Think spring! Pointers for bulb-planting season

Douglas Hunt
by Douglas Hunt
Bulbs represent one of the least-expensive ways to add color to your landscape. Daffodils, for example, can be had for 50 cents each, will provide years of enjoyment and increase in number, or "naturalize," when happy. Since the days have cooled off in much of the country, but the ground is still relatively warm, we are in prime bulb-planting time. Bulbs planted now will get right to work establishing their root systems. I've planted thousands of them over the years, and here are some basics based on that experience.
1. Good soil counts. Take the time to prepare the bed where you are going to be planting. Good drainage is particularly important, as most bulbs like it on the dry side during their period of dormancy.
2. A general rule for planting depth is that it should be three times a bulb's diameter. So a tulip bulb two inches across should be planted
six inches deep.
3. Don't be afraid to make bulb "sandwiches." More than one type of bulb can share a planting hole. Put the largest on the bottom, sprinkle on a little soil, add a smaller bulb, sprinkle on a little more, and finish up with a small bulb on top with just a couple of inches of soil over that.
4. Generally speaking, plant the pointy side of the bulb facing up. Sometimes this can be difficult to figure out, in which case plant the bulb on its side and it will actually right itself.
5. Don't fertilize when you plant. This may contradict advice you have read, but I've never done it. Using a product like bone meal in the planting hole can attract critters that will then feast on the bulbs. Instead, apply a good slow-release fertilizer as the foliage starts to appear in the spring. And a twice-yearly top-dressing with compost wouldn't hurt either.
6. But do water when you plant, just as you would something that came in a pot. And in the spring, if you don't get those April showers.
7. More is more. Don't skimp on the number of bulbs you buy. A dozen crocus will go almost unnoticed but a hundred will make a statement.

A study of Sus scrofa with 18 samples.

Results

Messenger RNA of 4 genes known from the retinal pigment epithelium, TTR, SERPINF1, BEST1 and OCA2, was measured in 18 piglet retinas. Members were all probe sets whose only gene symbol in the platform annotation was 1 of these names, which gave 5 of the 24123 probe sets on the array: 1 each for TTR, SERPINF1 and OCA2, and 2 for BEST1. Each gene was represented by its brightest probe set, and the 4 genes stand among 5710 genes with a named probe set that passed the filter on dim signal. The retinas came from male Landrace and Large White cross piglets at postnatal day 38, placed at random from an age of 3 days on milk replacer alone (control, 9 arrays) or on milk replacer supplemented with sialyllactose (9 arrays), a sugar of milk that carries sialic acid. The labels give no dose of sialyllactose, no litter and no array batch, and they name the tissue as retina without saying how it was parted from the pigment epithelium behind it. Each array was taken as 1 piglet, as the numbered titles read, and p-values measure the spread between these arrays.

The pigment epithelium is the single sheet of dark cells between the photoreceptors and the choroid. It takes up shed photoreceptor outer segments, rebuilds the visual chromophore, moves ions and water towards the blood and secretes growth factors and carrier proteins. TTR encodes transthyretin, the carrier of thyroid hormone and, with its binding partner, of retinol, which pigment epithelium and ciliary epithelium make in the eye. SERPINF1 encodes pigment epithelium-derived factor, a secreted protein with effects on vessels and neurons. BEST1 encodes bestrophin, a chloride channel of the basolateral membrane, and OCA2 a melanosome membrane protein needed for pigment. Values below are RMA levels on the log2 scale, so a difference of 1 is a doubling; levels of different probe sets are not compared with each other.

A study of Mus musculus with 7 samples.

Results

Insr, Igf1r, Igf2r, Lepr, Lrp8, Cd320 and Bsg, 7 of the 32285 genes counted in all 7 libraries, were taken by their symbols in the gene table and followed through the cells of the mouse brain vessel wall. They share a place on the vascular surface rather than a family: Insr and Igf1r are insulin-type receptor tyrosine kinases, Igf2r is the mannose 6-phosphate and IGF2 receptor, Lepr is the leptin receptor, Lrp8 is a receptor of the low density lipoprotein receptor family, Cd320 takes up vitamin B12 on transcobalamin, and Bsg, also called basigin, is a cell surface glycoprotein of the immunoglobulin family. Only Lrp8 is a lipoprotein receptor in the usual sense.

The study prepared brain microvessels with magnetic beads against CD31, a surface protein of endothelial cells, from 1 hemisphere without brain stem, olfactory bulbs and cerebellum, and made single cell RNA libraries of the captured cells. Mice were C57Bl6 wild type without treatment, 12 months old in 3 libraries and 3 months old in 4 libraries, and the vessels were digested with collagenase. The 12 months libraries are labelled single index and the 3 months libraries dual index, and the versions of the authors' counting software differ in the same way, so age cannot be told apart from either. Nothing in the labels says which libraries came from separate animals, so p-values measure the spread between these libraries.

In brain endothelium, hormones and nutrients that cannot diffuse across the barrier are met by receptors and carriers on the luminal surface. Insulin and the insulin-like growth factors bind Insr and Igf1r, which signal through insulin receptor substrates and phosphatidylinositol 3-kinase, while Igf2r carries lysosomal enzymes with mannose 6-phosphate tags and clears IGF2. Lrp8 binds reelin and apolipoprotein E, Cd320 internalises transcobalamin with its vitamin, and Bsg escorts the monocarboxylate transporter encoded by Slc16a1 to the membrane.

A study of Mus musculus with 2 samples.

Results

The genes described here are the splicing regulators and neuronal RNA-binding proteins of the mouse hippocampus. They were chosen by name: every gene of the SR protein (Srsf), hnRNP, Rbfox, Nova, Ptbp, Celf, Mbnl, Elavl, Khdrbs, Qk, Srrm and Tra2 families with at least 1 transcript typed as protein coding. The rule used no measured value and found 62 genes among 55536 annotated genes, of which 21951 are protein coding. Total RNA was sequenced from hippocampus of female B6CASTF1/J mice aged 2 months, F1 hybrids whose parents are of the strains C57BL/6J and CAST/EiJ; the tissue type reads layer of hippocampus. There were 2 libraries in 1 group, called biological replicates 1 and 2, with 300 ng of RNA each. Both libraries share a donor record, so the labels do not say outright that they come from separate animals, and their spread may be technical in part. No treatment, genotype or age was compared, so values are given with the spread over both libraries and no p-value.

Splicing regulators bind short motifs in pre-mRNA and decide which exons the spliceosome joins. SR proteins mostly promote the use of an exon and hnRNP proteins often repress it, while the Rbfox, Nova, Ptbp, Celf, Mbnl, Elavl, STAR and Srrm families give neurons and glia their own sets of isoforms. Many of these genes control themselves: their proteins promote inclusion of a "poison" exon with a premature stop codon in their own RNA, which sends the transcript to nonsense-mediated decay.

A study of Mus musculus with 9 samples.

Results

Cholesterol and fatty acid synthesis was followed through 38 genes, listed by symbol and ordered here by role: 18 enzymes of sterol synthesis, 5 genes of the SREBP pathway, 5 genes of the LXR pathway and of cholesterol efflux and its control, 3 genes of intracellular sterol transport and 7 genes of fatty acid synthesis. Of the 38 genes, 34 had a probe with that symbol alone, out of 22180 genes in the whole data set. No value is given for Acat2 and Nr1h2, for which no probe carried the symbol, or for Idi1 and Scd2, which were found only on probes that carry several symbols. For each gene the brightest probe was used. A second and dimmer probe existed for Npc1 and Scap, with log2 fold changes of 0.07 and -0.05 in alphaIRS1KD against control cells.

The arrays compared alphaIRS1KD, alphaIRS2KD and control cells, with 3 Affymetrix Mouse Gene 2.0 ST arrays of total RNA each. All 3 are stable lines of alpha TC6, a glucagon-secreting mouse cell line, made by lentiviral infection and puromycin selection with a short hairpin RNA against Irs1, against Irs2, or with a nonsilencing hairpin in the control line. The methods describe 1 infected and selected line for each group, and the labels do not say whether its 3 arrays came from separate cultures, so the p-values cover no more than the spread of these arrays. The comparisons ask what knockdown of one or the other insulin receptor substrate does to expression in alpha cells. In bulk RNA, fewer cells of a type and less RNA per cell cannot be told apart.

8. This is not a planting tip, but resist all temptation, after the blooming season, to braid, tie up or cut the bulb's foliage until it begins to turn yellow and flops over. Then it is safe to cut it off. Doing anything else beforehand will impinge on the plant's ability to photosynthesize, which is crucial to the formations of the next season's blooms.
The photos are from companies I have ordered from over the years and can recommend based on my experience. I've included links to their web sites in the captions.
What bulbs are you planting this season?
"Naturalizing" mixtures are a great way to save on bulbs. (Photo via John Scheepers:
Scilla siberica are one of the best bulbs for shady situations and hardy in zones 4 through 8. (Photo via Brent and Becky's Bulbs: )
Winter aconite is one of the earliest bloomers in the garden, even before snowdrops. (Photo via Old House Gardens:
Allium are a great way to add exclamation points to the garden and are generally deer-resistant. (Photo via McClure and Zimmerman:
    I found this at Walmart: Ortho® Animal B Gon Animal Repellent Ready-to-Use. Repels rabbits, groundhogs, squirrels and other small herbivoresSafe for people, pets, and plantsNo Stink formula using essential oilsDelivers long-lasting & rain resistant performance

  • Douglas Hunt Douglas Hunt on May 19, 2013
    Plant daffodils. They contain toxic alkaloids and animals have a second sense about not eating them. Other plants can be planted in a "bulb cage" made from chicken wire.